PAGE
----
When I think about the different companies I worked for in the past there is a strong correlation between the quality of the CEO and the level of engagement and excitement I felt being part of it at that time. I am talking about the ability of a CEO to convey in simple terms what an organization is all about, stands for and is trying to achieve.
Most CEOs are very good in communicating the company’s goals, strategy and direction to external audiences because this is what they always did, what the market and analysts expect and what influences the share price and market cap. But surprisingly some CEOs are not quite as clear with their most important audience, their own employees.
In my experience the clearer I was about the purpose and direction of the company the more I felt being an important part of it focused on what I needed to do to achieve the company goals. And most importantly the clearer I could communicate with my team members, customers, partners or other external audiences that I worked with, and so all my other colleagues.
This principle still holds true today. Clarity and understanding of a company’s purpose, goals and strategy is required to make everyone pull into the same direction. But in the age of social media employees who are not clear about this can have devastating effects that spread inconsistent, incomplete, wrong or conflicting content across their social networks, with unprecedented reach and impact. Today every employee is in media, through their social media interactions.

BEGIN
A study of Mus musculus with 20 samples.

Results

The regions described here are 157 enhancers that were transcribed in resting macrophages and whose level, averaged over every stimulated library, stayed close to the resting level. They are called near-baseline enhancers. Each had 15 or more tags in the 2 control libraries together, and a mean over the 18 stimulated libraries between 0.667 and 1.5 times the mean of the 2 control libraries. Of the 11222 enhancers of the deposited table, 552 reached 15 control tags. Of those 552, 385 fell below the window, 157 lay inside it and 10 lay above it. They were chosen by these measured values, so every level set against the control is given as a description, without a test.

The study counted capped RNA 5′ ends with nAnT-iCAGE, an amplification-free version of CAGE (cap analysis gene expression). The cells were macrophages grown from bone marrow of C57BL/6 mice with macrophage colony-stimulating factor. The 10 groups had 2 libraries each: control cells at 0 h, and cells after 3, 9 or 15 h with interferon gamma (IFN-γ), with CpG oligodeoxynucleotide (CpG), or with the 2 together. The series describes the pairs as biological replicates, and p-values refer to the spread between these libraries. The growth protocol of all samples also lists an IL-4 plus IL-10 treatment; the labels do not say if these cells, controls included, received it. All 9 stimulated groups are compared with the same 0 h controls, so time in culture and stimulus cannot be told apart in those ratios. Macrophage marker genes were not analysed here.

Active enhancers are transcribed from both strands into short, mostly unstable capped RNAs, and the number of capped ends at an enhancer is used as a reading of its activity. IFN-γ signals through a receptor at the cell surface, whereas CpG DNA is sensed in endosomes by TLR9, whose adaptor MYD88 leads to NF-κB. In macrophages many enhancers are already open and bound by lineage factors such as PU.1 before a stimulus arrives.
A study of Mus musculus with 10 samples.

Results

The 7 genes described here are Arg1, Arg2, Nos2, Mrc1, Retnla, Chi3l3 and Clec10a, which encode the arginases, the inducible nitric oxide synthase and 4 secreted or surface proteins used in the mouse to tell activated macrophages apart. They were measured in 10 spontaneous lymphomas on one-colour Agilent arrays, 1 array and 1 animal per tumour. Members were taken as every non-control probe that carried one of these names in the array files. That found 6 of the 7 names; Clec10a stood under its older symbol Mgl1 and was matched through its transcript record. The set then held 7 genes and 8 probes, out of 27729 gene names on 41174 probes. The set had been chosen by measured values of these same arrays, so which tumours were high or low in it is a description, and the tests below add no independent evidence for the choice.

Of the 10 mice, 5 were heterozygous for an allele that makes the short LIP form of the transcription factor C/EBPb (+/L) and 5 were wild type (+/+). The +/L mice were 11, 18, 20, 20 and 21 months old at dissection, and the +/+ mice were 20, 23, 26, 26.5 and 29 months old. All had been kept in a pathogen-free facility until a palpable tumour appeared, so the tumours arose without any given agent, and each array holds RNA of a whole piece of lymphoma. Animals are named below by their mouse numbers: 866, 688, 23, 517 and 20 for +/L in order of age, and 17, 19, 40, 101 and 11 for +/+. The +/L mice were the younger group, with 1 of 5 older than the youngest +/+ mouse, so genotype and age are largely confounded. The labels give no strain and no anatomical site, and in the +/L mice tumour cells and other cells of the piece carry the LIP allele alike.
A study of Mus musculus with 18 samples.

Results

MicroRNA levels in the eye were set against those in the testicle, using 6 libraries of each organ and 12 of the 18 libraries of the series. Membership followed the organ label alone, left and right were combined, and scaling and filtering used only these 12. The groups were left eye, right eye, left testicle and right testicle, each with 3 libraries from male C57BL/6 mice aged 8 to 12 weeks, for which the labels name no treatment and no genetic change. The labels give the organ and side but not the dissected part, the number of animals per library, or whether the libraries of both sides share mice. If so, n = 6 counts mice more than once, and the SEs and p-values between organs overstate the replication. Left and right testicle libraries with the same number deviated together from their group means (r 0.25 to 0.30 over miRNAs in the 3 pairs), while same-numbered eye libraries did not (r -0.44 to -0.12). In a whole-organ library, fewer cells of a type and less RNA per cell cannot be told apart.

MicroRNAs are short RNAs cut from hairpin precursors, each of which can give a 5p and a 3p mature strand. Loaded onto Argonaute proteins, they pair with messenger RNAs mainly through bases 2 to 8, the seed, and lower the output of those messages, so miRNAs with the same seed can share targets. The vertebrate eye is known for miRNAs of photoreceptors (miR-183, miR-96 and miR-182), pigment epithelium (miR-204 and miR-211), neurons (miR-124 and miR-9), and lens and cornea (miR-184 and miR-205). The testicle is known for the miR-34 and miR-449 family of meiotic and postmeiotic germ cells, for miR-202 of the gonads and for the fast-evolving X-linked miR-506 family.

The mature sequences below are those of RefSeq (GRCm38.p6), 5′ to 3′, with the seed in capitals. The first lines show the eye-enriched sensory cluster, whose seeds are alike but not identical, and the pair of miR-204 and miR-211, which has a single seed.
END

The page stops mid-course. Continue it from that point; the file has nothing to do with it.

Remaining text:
Enablement and clear direction to employees as brand ambassadors is key. I have seen a unique and empowered culture of employees develop at SAP . Our leaders encourage employees to openly ask questions and collaborate. As leaders, we can now also gauge if we are reaching our employees by their social media activities. We can adapt to ensure we are being clear.
Forrester Research has a great perspective on why it is critical for a CEO or key leaders to be active with social media and surprise; employee engagement is a pivotal factor. In the age of social media, employees either become powerful multipliers of the company’s key messages or they potentially dilute, confuse or misrepresent the corporate messages. There is the fear that this activity can become the monster waiting to pounce on the corporate reputation. Today every employee is a representative of the company, a spokesperson, a media person. This is why the employees are the most powerful audience of the CEO, either way. And this is why social media matters for every CEO.
CEOs still are not very active in social media themselvesbut they have to make sure all their employees fully understand the company’s purpose, vision, values and value proposition. Now the question is not should a CEO use social media, but how?